If you’ve ever filled out an application for an apartment, you’ve probably been subject to a background and credit check. A potential landlord, understandably so, wants to make sure he’s not going to end up chasing down his rent money, and so he does his due diligence by calling references and checking your credit score. By learning about your past payment history and hearing what previous building owners have to say about you, he can determine whether you’re going to be a responsible tenant.
An employment background check is quite similar when you think about it. Once you’ve applied for the job, gone through the interview process, and submitted a list of professional references, you may be told that a background check is the next (and typically last) step. If you pass that, and we’ll get into what “passing” means soon, then that’s usually when you can expect to receive an offer.
Because a company that does background checks most often employs a third party, it’s unlikely that an organization is going to initiate this step unless it’s pretty certain you’re the best person for the job. Congrats—you’re so close to landing this job.
So, What Happens Between Now and That First Day at Work?
Along with fact checking your education and work history, the background check pulls up criminal records. (Oh, and when there’s a urine test involved, you can bet you’re being drug tested—but you probably figured that one out on your own.) However, another thing that most people don’t realize is that your credit history and score might also get assessed.
Now, assuming you’ve been truthful about your previous employment and where you obtained your degrees or other certifications and when, you’ve little reason to be concerned.
What Happens if You Have a Bad Record or Bad Credit?
Obviously, if you have any kind of criminal record—be it a misdemeanor when you were a senior in high school or a tax fraud charge five years ago—you may be understandably anxious. However, depending on the job description and the criminal charge, an employer could be in trouble if it automatically rejects you as a potential hire based on a certain conviction or record of arrest. This is according to the Equal Employment Opportunity Commission, and you’d do well to review your rights if you’re concerned about a blemish on your criminal record. With that said, because recreational drugs, such as marijuana, are still illegal in most of the United States, if you fail a drug test and find yourself waiting around for an offer that never surfaces, well, there’s probably not much you can do about that.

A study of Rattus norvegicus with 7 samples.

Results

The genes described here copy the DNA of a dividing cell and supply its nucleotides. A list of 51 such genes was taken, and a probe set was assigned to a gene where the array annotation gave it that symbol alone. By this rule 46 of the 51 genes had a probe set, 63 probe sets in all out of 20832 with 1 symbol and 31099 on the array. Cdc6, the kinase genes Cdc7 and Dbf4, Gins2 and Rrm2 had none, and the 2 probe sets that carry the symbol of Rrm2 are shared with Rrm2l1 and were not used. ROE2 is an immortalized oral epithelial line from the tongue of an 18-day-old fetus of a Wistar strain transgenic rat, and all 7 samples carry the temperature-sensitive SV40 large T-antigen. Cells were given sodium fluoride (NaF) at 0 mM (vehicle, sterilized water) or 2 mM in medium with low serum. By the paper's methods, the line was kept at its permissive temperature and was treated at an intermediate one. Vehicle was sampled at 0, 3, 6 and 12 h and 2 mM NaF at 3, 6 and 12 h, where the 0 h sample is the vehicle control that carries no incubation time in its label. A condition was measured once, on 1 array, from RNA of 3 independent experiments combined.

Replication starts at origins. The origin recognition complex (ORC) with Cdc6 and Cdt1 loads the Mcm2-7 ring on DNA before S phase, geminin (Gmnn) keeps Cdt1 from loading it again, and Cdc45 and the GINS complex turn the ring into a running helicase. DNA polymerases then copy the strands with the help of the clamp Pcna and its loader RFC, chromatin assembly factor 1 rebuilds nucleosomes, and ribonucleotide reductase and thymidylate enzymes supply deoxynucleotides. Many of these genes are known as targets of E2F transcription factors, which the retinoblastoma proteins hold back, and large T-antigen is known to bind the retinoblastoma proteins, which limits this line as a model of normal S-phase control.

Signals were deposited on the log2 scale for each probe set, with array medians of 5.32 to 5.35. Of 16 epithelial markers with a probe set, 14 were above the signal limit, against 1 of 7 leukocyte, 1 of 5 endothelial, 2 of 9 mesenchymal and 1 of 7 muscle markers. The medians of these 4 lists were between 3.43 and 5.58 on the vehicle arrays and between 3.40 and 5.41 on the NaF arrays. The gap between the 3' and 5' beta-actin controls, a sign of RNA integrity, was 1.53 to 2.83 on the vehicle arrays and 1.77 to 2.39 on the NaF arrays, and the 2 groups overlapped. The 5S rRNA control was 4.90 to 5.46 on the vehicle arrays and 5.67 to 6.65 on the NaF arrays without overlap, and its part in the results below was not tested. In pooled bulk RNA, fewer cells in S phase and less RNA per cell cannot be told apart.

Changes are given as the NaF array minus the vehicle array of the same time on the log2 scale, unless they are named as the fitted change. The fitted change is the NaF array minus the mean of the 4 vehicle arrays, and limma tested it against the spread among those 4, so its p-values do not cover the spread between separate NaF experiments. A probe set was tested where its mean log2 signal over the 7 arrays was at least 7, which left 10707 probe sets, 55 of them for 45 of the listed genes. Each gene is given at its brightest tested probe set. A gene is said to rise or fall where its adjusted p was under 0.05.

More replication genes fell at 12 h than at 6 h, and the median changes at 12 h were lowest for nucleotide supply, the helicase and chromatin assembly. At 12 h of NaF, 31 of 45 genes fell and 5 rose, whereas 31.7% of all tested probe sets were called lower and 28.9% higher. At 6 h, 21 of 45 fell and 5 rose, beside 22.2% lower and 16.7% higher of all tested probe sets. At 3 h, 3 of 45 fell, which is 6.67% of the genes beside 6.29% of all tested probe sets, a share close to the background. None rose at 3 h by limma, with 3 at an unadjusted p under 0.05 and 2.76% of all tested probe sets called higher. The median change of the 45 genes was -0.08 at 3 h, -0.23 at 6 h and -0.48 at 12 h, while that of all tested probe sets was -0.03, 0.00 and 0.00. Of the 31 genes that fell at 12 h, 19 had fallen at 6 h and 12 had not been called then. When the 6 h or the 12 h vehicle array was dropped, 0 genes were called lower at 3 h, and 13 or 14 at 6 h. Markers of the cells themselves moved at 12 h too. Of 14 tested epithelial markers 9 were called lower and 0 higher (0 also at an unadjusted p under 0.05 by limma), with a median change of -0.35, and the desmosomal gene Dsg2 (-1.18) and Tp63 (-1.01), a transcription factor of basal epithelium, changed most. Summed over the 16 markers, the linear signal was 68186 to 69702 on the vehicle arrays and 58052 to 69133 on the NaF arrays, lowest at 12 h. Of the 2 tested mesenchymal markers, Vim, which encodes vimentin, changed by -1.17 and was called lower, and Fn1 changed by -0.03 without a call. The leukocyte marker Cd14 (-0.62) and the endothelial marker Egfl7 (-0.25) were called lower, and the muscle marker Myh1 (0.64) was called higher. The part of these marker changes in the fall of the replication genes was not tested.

If you feel confident about breezing through the criminal check portion as well as the drug test, but are concerned about the repercussions of bad credit history, there’re a couple of things to keep in mind. For example, the purpose of this part: A prospective employer’s looking to hire a responsible person, so if it finds that you have messed up credit and insane debt, it might decide that you’re not fit for the job, even if the position in question isn’t directly related to money management. Fair? Not always. But something that you’re judged on? Unfortunately yes.
Is There a Way to Salvage Bad Results?
For starters, know your credit ranking and do your best to determine if it’s accurate. If you’re over-the-moon about a job and are at the employment background check stage of the process, perhaps you can try speaking up if something slightly unsavory is likely to pop up on your review. If you got your first credit card the day you turned 18 and had a two or three year learning period where you totally mismanaged your money, you might talk about that as an educational experience and what you’ve done to get on strong financial footing. Honesty can mean big things for your professional advancement. That mortgage payment you defaulted on with the partner that you lived with shortly after college? Surely, you learned a lot of lessons there; can you find a way to spin the story so that it demonstrates your problem-solving skills?
Read and observe the job situation and the hiring manager’s explanation of the background check. Educate yourself as much as you can about this next step in the process. Some large corporations may simply be ruling out anyone with a felony, or they may just really want to make sure you graduated cum laude from Dartmouth in 2013. Try to get a sense of how upfront and direct you should be about any little misstep that’s likely to show up.
Knowing your rights as well as your potential employer’s main concerns is a part of the job search process, even if it feels less intuitive than interviewing. If you’re fortunate enough to get all the way to this point, it’d be a shame to get knocked out of the running for something that can easily be discussed in a frank conversation. And really, if the organization is investing in the background check, chances are extremely high that it wants to hire you so try not to freak out about the standard process. You made it through the tough part; be confident that you can survive a little fact-checking.